I've been hunting around for more information about Charlton in connection with the old maps that I've got and one of the things that I've found is a map of Charlton from 1746, you can find it here.
Unfortunately it's not got the greatest amount of detail on it but there's several interesting things to see.
Where Floyd Road is there are "Lime Kilns" marked on the map. That used to be one of the things done with the chalk that they dug out of the ground from there. Lime played a bit part in the area for quite a while to come, I'll be mentioning a Lime Manor when I do the follow up to The History of Floyd Road (Part 1 - 1867), and it's interesting to see that it goes back at last that far.
There's a road that seems to follow the present course of Woolwich Road already there and it also looks like there's something running south from it that seems to follow the path of Charlton Lane too.
Anchor and Hope Lane is there, complete with the kink half way along, but it's known as "Manor Way". That's got to have something to do with it running up to Charlton Manor and I'm left wondering what then came first, the Anchor and Hope pub or the road name? Did the pub manage to get the road renamed as a bit of free advertising at some point over the next 120 years?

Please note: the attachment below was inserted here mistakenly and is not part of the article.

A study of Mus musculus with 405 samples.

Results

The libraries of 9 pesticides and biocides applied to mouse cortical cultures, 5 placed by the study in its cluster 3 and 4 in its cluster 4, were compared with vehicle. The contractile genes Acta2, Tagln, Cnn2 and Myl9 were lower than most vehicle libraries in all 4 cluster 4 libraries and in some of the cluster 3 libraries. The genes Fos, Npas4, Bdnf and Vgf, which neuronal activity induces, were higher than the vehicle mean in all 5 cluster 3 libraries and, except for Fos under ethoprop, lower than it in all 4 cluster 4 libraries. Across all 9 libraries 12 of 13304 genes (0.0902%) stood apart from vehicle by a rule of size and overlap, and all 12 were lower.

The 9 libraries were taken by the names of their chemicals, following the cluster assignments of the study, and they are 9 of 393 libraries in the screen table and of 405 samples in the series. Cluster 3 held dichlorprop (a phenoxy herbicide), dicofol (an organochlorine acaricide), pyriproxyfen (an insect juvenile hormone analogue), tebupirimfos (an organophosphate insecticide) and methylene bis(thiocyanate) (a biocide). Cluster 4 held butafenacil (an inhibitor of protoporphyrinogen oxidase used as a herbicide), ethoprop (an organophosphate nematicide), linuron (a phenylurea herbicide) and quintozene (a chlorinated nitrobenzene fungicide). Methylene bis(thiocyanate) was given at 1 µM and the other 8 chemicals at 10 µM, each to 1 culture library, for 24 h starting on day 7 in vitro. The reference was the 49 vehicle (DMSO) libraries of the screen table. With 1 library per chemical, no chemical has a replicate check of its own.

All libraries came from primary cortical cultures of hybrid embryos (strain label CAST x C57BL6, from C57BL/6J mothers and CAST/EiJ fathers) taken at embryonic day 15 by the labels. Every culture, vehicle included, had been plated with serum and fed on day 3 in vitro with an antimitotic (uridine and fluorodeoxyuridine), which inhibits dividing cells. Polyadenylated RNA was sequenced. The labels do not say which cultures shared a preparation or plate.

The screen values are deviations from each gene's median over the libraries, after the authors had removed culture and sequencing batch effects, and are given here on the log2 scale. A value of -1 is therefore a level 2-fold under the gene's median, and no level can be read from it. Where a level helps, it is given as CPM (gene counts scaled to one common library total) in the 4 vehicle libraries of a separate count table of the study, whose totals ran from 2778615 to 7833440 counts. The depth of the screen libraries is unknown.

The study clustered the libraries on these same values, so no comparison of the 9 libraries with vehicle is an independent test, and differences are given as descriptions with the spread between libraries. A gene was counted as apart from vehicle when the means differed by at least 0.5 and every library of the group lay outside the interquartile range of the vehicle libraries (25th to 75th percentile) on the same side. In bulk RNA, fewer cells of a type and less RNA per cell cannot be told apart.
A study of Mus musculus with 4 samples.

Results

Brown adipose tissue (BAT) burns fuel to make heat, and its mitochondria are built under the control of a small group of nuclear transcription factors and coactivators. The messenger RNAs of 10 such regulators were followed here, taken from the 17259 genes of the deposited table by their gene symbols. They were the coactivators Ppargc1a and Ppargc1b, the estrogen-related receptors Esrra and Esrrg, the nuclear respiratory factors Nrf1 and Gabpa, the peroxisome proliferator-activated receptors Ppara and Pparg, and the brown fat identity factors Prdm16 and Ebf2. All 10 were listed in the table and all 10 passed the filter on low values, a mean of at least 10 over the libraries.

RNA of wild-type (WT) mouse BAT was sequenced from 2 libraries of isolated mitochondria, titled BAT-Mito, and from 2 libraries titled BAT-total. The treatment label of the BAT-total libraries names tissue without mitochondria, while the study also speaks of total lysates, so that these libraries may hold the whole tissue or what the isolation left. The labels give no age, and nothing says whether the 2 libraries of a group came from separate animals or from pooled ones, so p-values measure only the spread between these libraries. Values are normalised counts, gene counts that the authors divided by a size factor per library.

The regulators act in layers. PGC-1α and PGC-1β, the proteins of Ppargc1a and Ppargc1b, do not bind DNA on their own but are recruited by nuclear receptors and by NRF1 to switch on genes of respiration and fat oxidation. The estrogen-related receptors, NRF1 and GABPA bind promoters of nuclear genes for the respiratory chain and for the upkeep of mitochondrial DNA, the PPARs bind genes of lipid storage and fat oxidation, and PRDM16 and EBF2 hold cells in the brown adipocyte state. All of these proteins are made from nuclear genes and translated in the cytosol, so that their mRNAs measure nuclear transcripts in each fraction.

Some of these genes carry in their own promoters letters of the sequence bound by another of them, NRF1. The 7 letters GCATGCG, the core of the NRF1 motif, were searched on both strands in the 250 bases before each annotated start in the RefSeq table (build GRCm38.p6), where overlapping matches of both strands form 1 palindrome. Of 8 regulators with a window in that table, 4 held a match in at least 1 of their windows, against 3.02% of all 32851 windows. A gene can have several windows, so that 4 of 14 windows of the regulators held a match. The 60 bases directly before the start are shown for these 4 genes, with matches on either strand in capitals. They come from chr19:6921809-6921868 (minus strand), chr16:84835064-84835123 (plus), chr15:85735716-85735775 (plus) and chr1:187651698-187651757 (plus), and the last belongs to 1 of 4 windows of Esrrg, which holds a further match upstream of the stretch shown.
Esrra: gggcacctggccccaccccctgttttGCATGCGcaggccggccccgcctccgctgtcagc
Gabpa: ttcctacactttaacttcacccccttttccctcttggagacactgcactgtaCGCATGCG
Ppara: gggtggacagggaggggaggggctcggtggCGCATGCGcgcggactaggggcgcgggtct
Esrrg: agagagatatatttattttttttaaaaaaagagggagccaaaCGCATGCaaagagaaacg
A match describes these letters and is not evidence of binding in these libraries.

To the east of Charlton there's "Hanging Woods", which was apparently a haunt of highway men and other such dubious characters. It doesn't appear to have changed very much from then until the 1867 map.
If you look at the village itself you can see the original road and village green layout in front of Charlton House. The owners of the house didn't enclose the green, thus stranding the gate, until 1829.
One final interesting thing compared to the 1867 map is that up in the top right you can see the Dockyard and/or Arsenal. The later map ends in almost exactly the same place but has a curiously blank area enclosed by roads, Ordnance Survey covering up military secrets no doubt...
Anyhow it's nice to see how much you can get out of such a seemingly simple map!